The prevailing thought amongst the majority of the population is
that carbon dioxide (CO2) produced from the burning of fossil fuels is the lead factor in global warming. While I am not doubting that CO2 is a
greenhouse gas, I am somewhat unconvinced that it is as major a contributor to the effect as the press would have me believe.
Water, water, everywhere...
I find it peculiar that water vapour, a more potent greenhouse gas, is not receiving as much coverage in the press. According to the National Oceanic
and Atmospheric Administration (NOAA), water vapour is the most abundant greenhouse gas on the planet.
Greenhouse Gases - Frequently Asked Questions
As the temperature of the atmosphere rises, more water is evaporated from ground storage (rivers, oceans, reservoirs, soil). Because the air is
warmer, the relative humidity can be higher (in essence, the air is able to 'hold' more water when its warmer), leading to more water vapor in the
atmosphere. As a greenhouse gas, the higher concentration of water vapor is then able to absorb more thermal IR energy radiated from the Earth, thus
further warming the atmosphere. The warmer atmosphere can then hold more water vapor and so on and so on. This is referred to as a 'positive feedback
loop'. However, huge scientific uncertainty exists in defining the extent and importance of this feedback loop. As water vapor increases in the
atmosphere, more of it will eventually also condense into clouds, which are more able to reflect incoming solar radiation (thus allowing less energy
to reach the Earth's surface and heat it up).
Here is another article detailing the effects of water vapour in the atmosphere, but unfortunately it has too many terms I am not familiar with.
Perhaps someone else can explain it to me, and to the rest of ATS.
The climatic effects of water vapour
With that out of the way, let me continue by addressing the topic title.
Jet-setting our way to warmer climes
It cannot be denied that air travel by members of the public has increased over the past few decades. The advent of budget airlines has increased this
phenomena in order of magnitudes. But how is all this air travel affecting our planet? The most popular theories out there would argue that more
carbon dioxide is injected directly into the atmosphere with so many planes up in the sky. Water vapour is again conveniently ignored.
Dr Nicola Stuber published a study in the journal Nature
a theory proposing that water vapour from aircraft contrails can have a big impact on
global warming. As reported in National Geographic News:
Nicola Stuber, first author of the study, to be published in tomorrow's edition of the journal Nature, suggests that contrails' overall impact
on climate change is similar in scope to that of aircrafts' carbon dioxide (CO2) emissions over a hundred-year period.Please visit the link provided for the complete story.
Source: Airplane Contrails Boost Global Warming, Study Suggests
According to Stuber, the effect is most pronounced at night. While contrails block out sunlight during the day, it prevents heat from radiating off
into space at night. You could probably confirm this by observing the difference in the ambient temperature between cloudy and cloudless nights. To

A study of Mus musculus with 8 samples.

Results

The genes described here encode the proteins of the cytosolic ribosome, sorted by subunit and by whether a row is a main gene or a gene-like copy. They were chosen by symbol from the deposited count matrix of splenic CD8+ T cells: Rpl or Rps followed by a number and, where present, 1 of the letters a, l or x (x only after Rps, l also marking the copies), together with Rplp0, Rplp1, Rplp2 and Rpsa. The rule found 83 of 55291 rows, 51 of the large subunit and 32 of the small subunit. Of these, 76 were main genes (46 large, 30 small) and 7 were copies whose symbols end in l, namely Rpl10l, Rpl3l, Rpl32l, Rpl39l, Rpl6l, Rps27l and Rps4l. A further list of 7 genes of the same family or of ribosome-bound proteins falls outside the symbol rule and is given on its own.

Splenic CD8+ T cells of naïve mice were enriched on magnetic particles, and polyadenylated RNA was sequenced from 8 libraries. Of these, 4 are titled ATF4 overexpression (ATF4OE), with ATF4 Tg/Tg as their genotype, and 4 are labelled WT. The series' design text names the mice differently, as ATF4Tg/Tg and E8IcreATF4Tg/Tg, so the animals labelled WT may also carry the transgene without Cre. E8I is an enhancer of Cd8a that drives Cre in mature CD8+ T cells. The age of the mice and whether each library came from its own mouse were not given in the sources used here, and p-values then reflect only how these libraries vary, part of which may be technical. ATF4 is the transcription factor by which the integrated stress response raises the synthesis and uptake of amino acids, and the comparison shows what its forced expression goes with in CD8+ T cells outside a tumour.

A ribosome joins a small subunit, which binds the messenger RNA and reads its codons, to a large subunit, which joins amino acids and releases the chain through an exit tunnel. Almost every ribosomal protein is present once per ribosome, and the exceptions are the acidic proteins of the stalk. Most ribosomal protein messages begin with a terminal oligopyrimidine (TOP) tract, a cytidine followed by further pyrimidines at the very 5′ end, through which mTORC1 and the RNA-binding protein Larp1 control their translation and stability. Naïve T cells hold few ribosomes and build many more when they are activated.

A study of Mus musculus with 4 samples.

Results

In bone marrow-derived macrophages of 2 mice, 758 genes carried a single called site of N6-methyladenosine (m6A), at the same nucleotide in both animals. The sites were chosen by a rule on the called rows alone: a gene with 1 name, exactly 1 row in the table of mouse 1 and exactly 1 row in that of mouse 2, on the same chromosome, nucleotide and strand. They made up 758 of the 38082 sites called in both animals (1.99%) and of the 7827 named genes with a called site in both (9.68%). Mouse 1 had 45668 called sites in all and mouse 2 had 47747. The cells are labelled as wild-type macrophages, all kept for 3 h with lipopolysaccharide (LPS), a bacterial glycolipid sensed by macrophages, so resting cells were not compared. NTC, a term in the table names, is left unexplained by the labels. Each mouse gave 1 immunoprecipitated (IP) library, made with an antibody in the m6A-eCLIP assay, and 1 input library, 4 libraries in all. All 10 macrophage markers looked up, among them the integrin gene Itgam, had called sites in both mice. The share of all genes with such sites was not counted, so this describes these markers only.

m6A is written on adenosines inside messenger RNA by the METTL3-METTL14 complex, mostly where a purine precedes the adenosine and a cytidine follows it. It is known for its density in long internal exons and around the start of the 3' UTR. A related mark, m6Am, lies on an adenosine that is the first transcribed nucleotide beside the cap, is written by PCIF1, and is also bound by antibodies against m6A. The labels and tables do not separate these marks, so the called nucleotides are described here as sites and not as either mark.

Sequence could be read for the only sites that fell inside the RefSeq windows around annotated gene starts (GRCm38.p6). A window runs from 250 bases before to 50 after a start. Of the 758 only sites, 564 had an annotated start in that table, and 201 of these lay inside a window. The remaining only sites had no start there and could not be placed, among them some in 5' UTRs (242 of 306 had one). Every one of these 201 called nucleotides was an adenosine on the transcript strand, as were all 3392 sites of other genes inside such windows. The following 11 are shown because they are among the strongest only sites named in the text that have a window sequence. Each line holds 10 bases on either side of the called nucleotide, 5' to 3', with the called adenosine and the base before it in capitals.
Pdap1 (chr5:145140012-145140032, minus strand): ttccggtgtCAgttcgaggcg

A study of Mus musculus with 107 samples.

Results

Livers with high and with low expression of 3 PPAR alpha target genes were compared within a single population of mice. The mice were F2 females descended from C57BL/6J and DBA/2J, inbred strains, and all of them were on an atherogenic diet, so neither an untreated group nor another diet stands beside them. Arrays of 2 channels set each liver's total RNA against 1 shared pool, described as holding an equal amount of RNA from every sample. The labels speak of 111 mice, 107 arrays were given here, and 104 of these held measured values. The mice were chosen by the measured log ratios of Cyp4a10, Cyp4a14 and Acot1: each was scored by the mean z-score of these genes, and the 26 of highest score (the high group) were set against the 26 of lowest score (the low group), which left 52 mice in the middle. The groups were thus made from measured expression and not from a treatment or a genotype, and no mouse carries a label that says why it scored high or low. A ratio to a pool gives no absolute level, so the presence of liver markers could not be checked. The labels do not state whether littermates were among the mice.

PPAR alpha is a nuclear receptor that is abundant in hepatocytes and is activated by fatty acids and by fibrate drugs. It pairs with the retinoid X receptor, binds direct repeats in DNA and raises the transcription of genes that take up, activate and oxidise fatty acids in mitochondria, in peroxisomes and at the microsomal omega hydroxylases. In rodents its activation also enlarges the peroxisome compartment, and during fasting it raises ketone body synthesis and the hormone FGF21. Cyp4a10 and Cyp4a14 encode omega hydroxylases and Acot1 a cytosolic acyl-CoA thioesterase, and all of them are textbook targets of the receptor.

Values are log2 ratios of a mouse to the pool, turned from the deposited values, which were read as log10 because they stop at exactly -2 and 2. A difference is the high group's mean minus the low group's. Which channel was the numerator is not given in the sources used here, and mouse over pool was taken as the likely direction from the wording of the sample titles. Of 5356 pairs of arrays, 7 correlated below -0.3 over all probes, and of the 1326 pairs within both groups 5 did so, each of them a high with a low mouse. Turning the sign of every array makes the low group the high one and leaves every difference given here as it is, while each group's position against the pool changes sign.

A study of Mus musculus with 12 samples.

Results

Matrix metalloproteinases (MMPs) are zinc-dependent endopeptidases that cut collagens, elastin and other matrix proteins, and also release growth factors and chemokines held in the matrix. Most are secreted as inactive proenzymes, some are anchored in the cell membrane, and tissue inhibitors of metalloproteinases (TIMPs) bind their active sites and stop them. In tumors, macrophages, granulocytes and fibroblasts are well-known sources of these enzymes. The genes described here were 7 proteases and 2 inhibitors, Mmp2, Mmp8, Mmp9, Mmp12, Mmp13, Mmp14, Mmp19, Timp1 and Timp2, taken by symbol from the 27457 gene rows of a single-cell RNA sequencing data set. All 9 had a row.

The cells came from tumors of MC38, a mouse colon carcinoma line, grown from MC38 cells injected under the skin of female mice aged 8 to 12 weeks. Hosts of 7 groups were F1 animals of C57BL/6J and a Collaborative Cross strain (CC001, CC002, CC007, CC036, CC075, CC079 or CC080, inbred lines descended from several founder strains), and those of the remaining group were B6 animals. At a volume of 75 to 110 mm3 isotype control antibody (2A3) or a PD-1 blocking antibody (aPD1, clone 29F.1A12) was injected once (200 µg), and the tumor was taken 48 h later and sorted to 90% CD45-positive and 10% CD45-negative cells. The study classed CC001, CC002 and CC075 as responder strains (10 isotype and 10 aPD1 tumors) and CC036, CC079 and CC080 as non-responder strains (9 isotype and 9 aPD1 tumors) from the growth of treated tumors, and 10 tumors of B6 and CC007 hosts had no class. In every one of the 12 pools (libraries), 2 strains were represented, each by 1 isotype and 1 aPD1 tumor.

combat this, Stuber proposes a reduction in the number of night time flights.
High-altitude atmospheric roasting planes
Another research on the other hand suggests that the warming effect from air travel is produced by contrails that form at high altitudes. The
researchers assert that contrails that form high in the sky form condensations that allow the heat from the sun to shine in but not radiate out.
High-altitude cirrus clouds, both natural and jet-induced, are unlike thicker low-altitude clouds, which block sunlight from reaching the surface.
The thinner cirrus, which float in the sky at 20,000 feet or higher, act like a see-through blanket - letting sunlight pass in, while trapping
Source: Longer Airline Flights Proposed to Combat Global Warming
Their proposed solution? Fly at lower altitudes. That may be easier said than done, however. Flying at lower heights consumes more fuel and time,
which could ultimately defeat the whole purpose of this exercise. Still, the scientists argue that the effect would be less damaging to the
Conclusion: contrails confound climatologist
There is still much we need to know about how water vapour affects the climate. It doesn't help that water vapour can create a feedback loop of
heating which creates more water vapour. In the final analysis, the jury is still out whether contrail formation effects global warming as
significantly as proposed by some studies. I myself am inclined to believe that it does. Cloud-cover and ambient temperature is something you can
observe by yourself, without the need for complex instruments. But perhaps a study conducted after the 9/11 attacks proved it best:
“September 11 – 14, 2001 had the biggest diurnal temperature range of any three-day period in the past 30 years,” said Andrew M.
Carleton. Not in three decades had there been such a large temperature spread between the daytime highs and the nighttime lows.
Source: Contrails: What’s Left Behind Is Bad News
The importance of the diurnal and annual cycle of air traffic for contrail
Water builds the heat in Europe
Global Warming Supercharged by Water Vapor?